Cooking with grandmas

Grandmas and students share a meal.

As exam season rolls around and our professors pack a year’s worth of work into the 30 days of April, there’s nothing more comforting than a home-cooked meal. 

Most of us don’t have culinary-skilled adults on call throughout the year for a hug or a handhold after hour eight at Stauffer. So, here I am with a solution: allow me to introduce “Cooking with Grandmas”. 

The first time I saw those three words strung together was when my housemate invited me to the Facebook event. I thought it was nothing more than a funny, albeit random, joke. 

However, after looking into it further, I realized it just may be the best discovery of the semester. Held by volunteers from the Queen’s Women’s Association, “Cooking with Grandmas” is a monthly event filled with delicious food and wonderful conversation in a stress-free environment. 

Initiated by Queen’s Interfaith Chaplain Kate Johnson, “Cooking with Grandmas” is a night where a delightful group of ladies will teach and demonstrate the makings of a true Sunday night family dinner in exchange for $5.  

“My sense is that the boomers were looking for ways to interact with the millennials and vice versa. Where better to meet than across a dining room table?” Johnson said when asked what initiated the idea for the event.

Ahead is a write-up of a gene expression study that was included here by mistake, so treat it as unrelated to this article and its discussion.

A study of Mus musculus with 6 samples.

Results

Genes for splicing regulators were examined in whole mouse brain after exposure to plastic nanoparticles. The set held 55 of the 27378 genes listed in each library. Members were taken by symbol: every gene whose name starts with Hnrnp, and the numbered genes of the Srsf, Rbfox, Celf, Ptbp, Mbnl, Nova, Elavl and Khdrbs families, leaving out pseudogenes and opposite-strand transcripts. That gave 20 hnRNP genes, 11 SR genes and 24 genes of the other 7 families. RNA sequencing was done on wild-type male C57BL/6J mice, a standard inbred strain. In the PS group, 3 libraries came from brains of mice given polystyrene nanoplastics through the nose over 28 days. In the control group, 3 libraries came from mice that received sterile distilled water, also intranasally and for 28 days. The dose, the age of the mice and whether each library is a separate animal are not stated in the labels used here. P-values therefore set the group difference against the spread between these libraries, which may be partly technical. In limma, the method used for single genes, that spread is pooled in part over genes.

“I also felt like students needed some alcohol-free social opportunities and that a lot of students needed access to elder wisdom.”

So, on a cold night in February, my housemate and I made our way to 144 Albert Street. Walking into the warmth of the little house, we were greeted by a variety of delicious aromas coming from the kitchen. After slapping on a name tag and meeting our fellow “grandchildren”, we were carefully and lovingly instructed by the women on the makings of a feast. Dinner was an abundance of pork tenderloin with a hoisin sauce, root vegetable crumble and banana bread to top it off for dessert.

After some light-hearted gossiping and an amateur chef tutorial in the kitchen, we were led to a large table in the dining room that was set up for our new little family. Giving a toast of thanks to the grandmas for their loving patience and culinary expertise, we clinked our glasses and dug in.

“It was the best I’ve eaten all semester,” Nicolette Kabitsis, ArtSci’18, laughed, recalling the event and looking ruefully at her bowl of Kraft Dinner.

With plans to increase their amount of dinners to a weekly occurrence, “Cooking with Grandmas” hopes to spread awareness to more students and increase attendance for next year. 

“It’s an authentic way to make sure people feel cared for that transcends religious and cultural barriers — we all need to eat!” Johnson said, nodding her head thoughtfully.

Although the last chance to cook with grandmas has passed for the month of April, mark your calendars for September. If you’re missing your mom’s cooking, you need faith that houses can be clean again or you just want an honest-to-goodness hug from a warm, friendly grandma, you now know where to go.